The Fall of Eve and Adam
Eve receives top billing in Seto’s tempting audio play. Dancing along on a musical score by Clay Zambo are the voices of Biblical characters: God, the Devil, Eve, and Adam. Playwright Seto portrays the narrator and shares the role of Serpent with Ira Rubin.
Zambo’s musical score combines flawlessly the drama, curiosity and humor revealed by a skilled cast who engage the listener to consider Eve’s legacy throughout history. Five odysseys through the Garden of Eden are the landmarks for this spirited full-cast production: Genesis 3, both the Biblical version and a lively discussion of the Gnostic version; selected sections of a French medieval play; Milton’s Paradise Lost; Shaw’s Back to Methuselah; and Mark Twain’s Adam’s Diary.
Present day Eve (Meghan Shea), narrator Seto, Adam (Peter Zazzali), and God (Taras Los) describe Eden as nirvana. Genesis 3 awakens through the voices of the cast. A theme is established and questions arise. “On the surface, Genesis 3 is a simple tale of crime and punishment… I know who done it, but what did they do, Is it willful disobedience or the acquisition of godlike knowledge,” inquires the narrator. “Curiosity killed the cat,” offers the serpent, Ira Rubin, in perfect lispy form.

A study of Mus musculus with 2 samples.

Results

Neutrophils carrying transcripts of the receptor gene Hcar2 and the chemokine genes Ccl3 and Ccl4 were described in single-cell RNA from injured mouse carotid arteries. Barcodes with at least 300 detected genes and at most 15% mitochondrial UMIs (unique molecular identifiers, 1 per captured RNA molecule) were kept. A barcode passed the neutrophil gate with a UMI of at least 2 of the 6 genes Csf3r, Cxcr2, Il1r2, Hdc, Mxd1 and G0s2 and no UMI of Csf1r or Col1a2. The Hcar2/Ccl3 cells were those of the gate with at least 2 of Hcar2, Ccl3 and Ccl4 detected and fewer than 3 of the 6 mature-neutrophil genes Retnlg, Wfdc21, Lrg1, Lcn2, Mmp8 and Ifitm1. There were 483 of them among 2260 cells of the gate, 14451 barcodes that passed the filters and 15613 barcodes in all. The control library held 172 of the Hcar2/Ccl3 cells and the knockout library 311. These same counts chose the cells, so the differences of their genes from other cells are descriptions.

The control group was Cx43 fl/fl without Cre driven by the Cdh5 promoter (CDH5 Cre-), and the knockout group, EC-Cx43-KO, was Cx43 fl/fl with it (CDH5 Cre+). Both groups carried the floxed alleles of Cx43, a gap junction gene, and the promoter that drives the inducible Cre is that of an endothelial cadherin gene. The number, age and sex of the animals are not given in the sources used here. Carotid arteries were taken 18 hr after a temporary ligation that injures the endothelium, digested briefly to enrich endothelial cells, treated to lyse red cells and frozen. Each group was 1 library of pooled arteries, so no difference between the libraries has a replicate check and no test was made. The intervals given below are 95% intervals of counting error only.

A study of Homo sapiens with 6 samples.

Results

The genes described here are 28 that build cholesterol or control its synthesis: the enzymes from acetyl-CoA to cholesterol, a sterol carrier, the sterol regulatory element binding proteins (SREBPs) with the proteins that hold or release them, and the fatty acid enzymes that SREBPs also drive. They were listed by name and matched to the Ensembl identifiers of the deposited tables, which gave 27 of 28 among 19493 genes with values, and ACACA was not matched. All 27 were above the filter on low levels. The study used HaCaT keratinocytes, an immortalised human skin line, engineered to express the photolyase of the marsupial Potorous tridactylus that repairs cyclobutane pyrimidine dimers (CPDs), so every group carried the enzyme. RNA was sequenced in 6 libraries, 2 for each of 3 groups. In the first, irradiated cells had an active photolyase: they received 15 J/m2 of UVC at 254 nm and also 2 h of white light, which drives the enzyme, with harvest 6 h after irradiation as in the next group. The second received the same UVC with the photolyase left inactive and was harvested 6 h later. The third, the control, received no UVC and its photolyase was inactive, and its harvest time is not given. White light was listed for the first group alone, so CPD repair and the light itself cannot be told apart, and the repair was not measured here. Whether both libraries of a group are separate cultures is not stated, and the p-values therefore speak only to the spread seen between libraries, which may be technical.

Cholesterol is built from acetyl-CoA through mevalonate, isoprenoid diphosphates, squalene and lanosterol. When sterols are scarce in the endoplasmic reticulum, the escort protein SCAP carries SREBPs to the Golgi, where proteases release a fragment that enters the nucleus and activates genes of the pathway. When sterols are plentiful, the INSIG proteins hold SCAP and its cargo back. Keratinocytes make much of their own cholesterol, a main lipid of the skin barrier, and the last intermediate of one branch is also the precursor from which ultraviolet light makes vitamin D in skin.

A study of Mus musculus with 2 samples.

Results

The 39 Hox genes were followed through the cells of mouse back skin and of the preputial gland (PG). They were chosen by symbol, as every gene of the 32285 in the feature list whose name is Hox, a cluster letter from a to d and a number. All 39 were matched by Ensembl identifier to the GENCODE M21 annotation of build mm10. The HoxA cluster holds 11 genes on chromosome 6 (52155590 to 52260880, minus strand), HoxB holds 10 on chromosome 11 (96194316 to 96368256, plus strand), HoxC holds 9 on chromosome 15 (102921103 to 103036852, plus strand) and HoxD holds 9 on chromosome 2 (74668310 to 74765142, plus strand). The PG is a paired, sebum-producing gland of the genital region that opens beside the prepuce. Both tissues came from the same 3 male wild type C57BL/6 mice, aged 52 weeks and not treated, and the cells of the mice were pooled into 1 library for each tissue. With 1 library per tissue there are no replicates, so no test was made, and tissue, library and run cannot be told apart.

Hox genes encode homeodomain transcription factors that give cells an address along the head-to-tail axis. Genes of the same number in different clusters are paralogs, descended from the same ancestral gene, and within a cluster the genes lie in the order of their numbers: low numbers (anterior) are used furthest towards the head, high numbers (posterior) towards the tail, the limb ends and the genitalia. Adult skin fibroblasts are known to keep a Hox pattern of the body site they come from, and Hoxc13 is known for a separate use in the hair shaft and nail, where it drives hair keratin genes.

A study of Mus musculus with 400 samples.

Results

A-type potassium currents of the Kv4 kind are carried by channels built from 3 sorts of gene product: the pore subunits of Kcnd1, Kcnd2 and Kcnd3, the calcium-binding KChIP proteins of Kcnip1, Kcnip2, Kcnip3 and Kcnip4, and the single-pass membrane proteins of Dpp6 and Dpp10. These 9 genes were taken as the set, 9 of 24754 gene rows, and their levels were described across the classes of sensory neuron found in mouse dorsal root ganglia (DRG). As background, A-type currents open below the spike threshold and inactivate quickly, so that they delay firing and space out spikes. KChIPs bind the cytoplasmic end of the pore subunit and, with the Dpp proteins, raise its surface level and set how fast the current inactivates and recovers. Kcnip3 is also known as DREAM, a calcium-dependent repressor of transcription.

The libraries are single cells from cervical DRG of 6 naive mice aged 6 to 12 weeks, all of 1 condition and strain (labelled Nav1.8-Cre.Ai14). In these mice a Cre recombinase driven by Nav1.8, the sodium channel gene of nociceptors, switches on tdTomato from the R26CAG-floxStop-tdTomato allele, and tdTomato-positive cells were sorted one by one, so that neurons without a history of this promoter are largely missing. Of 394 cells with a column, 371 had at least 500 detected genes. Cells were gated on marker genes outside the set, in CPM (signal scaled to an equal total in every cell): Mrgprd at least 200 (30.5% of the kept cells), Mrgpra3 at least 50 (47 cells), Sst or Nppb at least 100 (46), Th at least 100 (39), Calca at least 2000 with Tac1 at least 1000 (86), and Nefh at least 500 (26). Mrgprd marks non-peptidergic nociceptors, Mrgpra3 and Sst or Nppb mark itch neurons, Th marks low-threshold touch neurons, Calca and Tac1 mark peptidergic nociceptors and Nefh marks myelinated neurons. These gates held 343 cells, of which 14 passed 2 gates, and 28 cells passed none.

Medieval period Eden is brought to life through the twelfth century French play, Adam. Milton’s Paradise Lost is introduced with stringed instruments and a feeling of intimacy. Narrator Seto “finds it interesting that this devout Puritan [Milton] has written one of the world’s great love stories.” Shaw’s Back to Methuselah poignantly introduces Adam and Eve to death.
Twain’s landmark on the journey through Eden shows the humorist’s multi-layered talents—his wit as well as his heart. The voices of Adam and Eve are summoned and speak through Twain. They describe one another in the way of innocence, awe, and wonder.
Upon the last words of this tender “audio scene,” the narrator offers, “Let’s hope the tender, and yes, romantic love, expressed by Adam at Eve’s grave never goes out of fashion.”
The play ends delightfully as God and his fallen son spar. Hope is the final message: “We can choose to follow our bliss,” says the narrator, “and find Eden that’s within us,” replies Eve.
Forbidden Fruit is food for thought.